Financial pressures are mounting and yet UK employers are failing to offer staff sufficient financial support in the workplace

A quarter of the UK workforce in a financially insecure situation, where a lack of savings or growing debt could mean that any unexpected cost could be financially and mentally crippling.

Nearly 1.7 million people in the UK have less than £100 in savings, and eight million are over-indebted. This is taking its toll on both mental health and performance at work.

In fact, research carried out by the CIP and Close Brothers found that financial concerns affected the performance of 25% of employees – which increased to 30% among public sector workers.

Despite this 67% if organisations do not offer any form of financial guidance, according to research from Thomsons Online Benefits. The study also found more than three-quarters of employers do not offer workplace ISAs or debt consolidation. A further 70% do not offer debt counselling and 79% don’t offer mortgage broking.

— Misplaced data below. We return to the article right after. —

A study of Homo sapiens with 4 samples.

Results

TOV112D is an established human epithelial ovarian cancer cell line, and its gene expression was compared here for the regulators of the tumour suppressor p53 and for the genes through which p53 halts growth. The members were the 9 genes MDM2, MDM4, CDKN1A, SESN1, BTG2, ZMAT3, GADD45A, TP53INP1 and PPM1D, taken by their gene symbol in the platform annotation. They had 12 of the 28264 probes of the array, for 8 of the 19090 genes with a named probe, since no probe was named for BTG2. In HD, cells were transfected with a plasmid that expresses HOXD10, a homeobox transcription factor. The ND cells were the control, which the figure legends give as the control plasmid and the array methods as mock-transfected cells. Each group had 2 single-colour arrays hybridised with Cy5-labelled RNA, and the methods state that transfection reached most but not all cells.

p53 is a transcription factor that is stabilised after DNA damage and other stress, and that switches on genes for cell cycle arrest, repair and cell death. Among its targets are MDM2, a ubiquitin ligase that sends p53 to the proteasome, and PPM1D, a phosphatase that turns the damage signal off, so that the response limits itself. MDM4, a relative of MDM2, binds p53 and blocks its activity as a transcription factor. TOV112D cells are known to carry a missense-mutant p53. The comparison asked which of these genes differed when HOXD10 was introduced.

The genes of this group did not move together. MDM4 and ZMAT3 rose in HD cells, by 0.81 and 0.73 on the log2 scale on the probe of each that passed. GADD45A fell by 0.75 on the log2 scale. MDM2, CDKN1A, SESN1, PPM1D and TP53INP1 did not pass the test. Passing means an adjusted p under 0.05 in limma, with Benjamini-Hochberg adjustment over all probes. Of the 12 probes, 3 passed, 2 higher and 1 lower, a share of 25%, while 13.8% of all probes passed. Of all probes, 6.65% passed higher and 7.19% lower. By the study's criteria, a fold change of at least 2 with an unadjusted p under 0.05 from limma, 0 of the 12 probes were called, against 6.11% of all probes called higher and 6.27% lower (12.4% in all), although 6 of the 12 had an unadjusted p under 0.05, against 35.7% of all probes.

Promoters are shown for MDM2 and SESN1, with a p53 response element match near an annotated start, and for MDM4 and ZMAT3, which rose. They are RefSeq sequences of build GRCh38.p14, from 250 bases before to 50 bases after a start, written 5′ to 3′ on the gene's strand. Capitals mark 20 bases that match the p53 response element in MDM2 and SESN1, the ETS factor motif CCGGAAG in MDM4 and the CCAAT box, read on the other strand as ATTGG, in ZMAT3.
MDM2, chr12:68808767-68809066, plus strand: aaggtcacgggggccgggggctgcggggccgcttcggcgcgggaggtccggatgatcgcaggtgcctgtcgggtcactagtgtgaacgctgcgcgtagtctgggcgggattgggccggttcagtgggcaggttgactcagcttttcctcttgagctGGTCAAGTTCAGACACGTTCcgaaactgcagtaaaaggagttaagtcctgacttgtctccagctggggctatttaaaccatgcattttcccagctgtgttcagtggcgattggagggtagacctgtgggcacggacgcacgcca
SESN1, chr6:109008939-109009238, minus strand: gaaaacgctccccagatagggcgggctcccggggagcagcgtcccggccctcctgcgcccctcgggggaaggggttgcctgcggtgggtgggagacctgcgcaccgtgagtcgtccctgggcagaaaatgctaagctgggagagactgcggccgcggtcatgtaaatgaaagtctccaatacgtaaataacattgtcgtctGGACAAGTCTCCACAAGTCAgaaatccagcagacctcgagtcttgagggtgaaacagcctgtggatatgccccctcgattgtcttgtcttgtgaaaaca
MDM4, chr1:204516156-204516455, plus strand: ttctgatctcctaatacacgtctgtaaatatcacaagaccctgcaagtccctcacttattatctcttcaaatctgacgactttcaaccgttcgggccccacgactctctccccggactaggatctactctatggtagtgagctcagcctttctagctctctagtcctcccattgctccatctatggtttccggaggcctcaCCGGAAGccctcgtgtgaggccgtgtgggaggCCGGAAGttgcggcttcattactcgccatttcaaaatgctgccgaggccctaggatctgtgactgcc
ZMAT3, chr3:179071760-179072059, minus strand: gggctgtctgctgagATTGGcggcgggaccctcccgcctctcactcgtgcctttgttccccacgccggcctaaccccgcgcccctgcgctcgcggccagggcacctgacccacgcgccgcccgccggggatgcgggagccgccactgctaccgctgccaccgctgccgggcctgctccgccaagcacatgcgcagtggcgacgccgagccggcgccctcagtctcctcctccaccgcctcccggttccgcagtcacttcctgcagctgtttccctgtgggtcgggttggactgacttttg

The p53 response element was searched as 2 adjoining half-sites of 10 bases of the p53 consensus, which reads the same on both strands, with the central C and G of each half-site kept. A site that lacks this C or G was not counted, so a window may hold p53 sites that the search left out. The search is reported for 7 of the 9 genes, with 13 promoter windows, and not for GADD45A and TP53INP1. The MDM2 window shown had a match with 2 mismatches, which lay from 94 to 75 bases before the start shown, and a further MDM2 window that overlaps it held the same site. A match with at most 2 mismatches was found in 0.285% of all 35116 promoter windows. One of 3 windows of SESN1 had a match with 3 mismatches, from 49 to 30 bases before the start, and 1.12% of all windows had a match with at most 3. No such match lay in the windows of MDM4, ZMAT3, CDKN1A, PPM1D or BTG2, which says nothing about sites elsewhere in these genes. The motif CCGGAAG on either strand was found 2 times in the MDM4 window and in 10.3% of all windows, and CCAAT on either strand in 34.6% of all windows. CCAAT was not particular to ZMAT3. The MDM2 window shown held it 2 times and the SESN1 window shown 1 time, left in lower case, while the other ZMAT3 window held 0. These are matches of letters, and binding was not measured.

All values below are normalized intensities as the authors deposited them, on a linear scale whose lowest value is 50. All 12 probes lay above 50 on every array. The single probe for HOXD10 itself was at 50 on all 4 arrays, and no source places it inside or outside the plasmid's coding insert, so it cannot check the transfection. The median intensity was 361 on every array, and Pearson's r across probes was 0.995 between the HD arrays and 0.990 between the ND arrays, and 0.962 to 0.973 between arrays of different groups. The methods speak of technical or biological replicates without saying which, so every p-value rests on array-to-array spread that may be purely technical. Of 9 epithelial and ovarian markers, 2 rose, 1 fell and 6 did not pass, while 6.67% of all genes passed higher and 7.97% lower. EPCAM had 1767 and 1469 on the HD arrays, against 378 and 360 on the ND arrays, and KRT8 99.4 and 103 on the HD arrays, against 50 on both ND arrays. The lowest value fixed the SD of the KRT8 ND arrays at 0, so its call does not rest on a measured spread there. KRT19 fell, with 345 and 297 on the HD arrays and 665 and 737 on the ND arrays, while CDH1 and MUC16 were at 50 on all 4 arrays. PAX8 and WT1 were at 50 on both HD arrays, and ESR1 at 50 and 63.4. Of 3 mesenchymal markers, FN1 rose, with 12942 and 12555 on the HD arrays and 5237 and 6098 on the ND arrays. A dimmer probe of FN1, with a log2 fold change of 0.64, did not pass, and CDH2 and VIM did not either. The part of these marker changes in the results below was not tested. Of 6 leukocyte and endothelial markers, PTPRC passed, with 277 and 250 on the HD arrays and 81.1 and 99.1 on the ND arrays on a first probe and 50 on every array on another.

There are a few factors that are preventing employers from actively supporting their staff with their finances, with one in four (22%) expressing their concern over the risk of getting too involved with the financial lives of their staff. 20% also believe that it isn’t their responsibility and 24% are more concerned about the cost of getting involved.

“This years’ research paints a mixed picture,” comments David Dodd, Consulting Director at Thomsons Online Benefits.

“Employers are making clear strides when it comes to caring for the physical health of their employees. However, the gap in financial and mental health support means that they’re failing to deliver a holistic wellbeing strategy. At a time when employees are struggling financially, and the top talent is in higher demand than ever, it’s paramount employers work to help employees with their financial health, or risk losing them to competitors.”

While these points may be valid, not taking any action will be to the detriment of the company as employees tend to bring their financial stresses with them to work which can negatively affect their productivity or increase absenteeism.

While only 10% of UK employers currently have a financial wellness strategy in place, there is hope this will change in the near future. In fact, the study found 50% of businesses plan to implement financial education. The study also found that tech-enabled employers are more likely to implement financial wellness schemes (15% vs 9%).